At the turn of the 20th century, several companies began developing self-loading mechanisms for handguns and rifles, and two companies that were at the forefront of semi-automatic innovation were Remington Arms and Winchester Repeating Arms. Winchester's design, the Model 1907, had a number of unique features and saw some commercial success, as well as service in law-enforcement roles. Watch our "American Rifleman Television" I Have This Old Gun segment above to see the Model 1907 in action.
"Around the turn of the century, when self-loading pistols and rifles were becoming the vogue, Winchester was right there at the beginning," American Rifleman Field Editor Garry James said. "And in 1903, they came out with a lovely little blowback in in .22 Winchester Auto. A couple years later, they came out with another one in .35 Winchester Self-Loader, and then in 1907, one in .351 Winchester Self-Loader. And again, even later on in 1910, one in .401. They were blowbacks and, especially in the heavy calibers, they required a pretty heavy block to handle the pressures of these guns, because those cartridges, especially the .351 and the .401 were pretty serious rounds. So, when you shoot the gun, I mean, it gives you a pretty good belt."
A number of model variations of the Winchester Model 1907 were ultimately developed, and a range of different magazines, with different capacities were developed. Notably, a French military contract fulfilled by Winchester included 20-round detachable box magazines designed for the Model 1907, and these guns were converted to full-automatic fire.
"The 1907 is pretty interesting all around in the fact that it appears on the civilian market a full year before any of the militaries of the world sit up and take notice to a semi-automatic rifle," said Philip Schreier, director of the National Firearms Museum. "Granted, fully automatic machine guns had been out there for a while, but, in Mexico, a Gen. Mondragon, you know, designed the first semi-automatic rifle that was ever adopted by a military force in 1908. And here we are with this Winchester in .351 that's out even a year before that finds acceptance."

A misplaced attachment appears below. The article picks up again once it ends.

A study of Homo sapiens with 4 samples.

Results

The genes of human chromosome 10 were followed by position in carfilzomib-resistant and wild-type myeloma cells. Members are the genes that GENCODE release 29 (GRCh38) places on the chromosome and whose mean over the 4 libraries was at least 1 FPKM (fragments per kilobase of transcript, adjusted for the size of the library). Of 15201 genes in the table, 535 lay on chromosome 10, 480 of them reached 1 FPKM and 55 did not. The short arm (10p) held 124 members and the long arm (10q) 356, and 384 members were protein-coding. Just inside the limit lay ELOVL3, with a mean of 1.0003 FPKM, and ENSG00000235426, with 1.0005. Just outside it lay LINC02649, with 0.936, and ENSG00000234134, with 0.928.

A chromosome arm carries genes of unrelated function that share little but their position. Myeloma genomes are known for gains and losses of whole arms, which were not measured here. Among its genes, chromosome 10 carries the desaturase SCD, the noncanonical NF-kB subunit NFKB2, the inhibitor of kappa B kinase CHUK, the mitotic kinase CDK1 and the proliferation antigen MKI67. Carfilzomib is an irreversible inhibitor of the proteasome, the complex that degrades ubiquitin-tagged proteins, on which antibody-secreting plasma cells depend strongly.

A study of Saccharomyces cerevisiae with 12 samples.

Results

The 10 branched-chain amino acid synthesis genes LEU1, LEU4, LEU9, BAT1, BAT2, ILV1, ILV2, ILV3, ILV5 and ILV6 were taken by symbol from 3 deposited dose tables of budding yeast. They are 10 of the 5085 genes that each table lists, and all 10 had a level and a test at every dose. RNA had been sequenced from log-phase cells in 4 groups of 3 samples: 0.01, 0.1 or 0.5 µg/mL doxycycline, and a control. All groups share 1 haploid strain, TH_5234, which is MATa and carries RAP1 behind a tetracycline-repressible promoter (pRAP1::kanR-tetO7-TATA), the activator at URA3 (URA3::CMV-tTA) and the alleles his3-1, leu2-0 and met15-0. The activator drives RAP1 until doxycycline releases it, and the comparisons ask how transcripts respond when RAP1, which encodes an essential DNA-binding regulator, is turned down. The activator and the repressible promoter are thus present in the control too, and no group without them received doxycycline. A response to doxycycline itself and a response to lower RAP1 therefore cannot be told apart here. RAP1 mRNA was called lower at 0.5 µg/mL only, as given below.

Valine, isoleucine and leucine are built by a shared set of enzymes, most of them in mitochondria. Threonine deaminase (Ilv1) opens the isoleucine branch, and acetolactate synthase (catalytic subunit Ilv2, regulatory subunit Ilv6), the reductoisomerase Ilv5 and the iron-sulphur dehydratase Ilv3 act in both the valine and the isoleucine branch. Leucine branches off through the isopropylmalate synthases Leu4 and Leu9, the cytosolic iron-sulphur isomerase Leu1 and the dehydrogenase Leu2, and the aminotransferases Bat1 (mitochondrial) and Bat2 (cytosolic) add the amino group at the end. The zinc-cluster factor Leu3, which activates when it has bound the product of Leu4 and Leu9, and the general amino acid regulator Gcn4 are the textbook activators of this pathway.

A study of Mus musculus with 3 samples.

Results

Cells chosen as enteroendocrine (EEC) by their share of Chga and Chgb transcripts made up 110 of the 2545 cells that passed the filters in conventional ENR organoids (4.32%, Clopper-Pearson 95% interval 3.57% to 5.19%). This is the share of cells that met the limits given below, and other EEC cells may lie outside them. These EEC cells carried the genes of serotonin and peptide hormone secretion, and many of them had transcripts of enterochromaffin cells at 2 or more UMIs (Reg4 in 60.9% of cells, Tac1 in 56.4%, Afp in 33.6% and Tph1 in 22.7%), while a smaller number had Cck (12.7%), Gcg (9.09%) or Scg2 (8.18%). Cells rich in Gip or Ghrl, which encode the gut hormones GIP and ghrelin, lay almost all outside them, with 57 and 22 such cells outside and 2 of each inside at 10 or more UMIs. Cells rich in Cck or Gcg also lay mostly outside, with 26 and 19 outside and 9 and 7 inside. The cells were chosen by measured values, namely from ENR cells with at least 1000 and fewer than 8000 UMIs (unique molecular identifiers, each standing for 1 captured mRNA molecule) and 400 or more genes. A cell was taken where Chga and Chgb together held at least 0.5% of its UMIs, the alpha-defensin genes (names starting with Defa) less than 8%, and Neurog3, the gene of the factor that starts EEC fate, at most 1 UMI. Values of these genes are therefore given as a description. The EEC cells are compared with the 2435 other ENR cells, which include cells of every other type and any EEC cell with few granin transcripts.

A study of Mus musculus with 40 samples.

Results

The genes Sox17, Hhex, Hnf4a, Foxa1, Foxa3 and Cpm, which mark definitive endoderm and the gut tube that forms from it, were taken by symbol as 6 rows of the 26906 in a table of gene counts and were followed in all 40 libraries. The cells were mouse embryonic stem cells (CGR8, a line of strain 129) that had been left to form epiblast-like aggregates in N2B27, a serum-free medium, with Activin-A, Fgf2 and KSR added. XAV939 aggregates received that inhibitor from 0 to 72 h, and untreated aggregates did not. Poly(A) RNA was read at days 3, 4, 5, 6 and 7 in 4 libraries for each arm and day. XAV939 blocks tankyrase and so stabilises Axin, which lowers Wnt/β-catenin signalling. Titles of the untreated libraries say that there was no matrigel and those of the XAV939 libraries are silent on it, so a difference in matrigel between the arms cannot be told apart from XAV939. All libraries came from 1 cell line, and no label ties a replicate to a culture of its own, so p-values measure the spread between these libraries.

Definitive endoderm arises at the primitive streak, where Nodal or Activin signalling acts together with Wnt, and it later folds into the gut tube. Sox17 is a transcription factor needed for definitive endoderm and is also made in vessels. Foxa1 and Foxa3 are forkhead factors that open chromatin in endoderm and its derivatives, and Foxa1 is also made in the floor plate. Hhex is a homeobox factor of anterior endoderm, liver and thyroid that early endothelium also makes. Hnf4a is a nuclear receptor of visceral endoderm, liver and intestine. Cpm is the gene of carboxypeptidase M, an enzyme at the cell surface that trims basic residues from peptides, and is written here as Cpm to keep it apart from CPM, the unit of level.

Additional Winchester Model 1907s were purchased by law-enforcement units across America, and even the gangsters of the '20s and '30s took notice of the semi-automatic arm. One gunsmith, Hyman Levin, was known to modify Model 1907s for use by gangsters, adding a heavy metal fore-end and a Thompson submachine gun foregrip to the gun to aid in controlling recoil and muzzle rise.
Readying the Winchester Model 1907 for firing involved depressing a plunger located forward of the fore-end, which pushed the bolt rearward and enabled it to pick up a cartridge from the detachable box magazine.
"There was an innovator at Winchester by the name of Thomas Crossley Johnson who was developing semi-automatic actions long before anyone really considered them to be viable for anything, let alone military or commercial use. Thomas Crossley Johnson first innovated and pioneered some of the semi-automatic actions on a blowback principle with the Model 1903, which was a rimfire, and he built on this with the later Model 1905," American Rifleman Executive Editor Evan Brune said. "Now the problem with the '03 and the '05 was they performed reliably, and they were capable guns, except that they fired very anemic cartridges. And so Johnson went back to the drawing board, and in 1907, he developed his blowback-actuated action in his semi-automatic rifle and paired it with a much more robust cartridge in the .351 Self-Loader."
Despite the moderate commercial success and interest in the Winchester Model 1907, it never gained the commercial success or attention of later bolt-action sporting rifles. Many returning servicemen, after having used bolt-action rifles during World War I, sought sporting arms that were familiar to them, leading to the proliferation of bolt-action hunting rifles based on the U.S. Model 1917 or Model 1903 Springfield. Additionally, the added cost of a semi-automatic sporting arm kept sales down.
"Compared to bolt-action rifles of the time, you were paying a premium for both the gun and in the ammunition for a sporting rifle, and that was just something that people weren't prepared to do, particularly as the Great Depression arrived," Brune said. "The 1907, despite some of these hurdles, ended up seeing a lifetime of about 50 years of production and finally ceased production in 1957 after almost 60,000 guns had been made."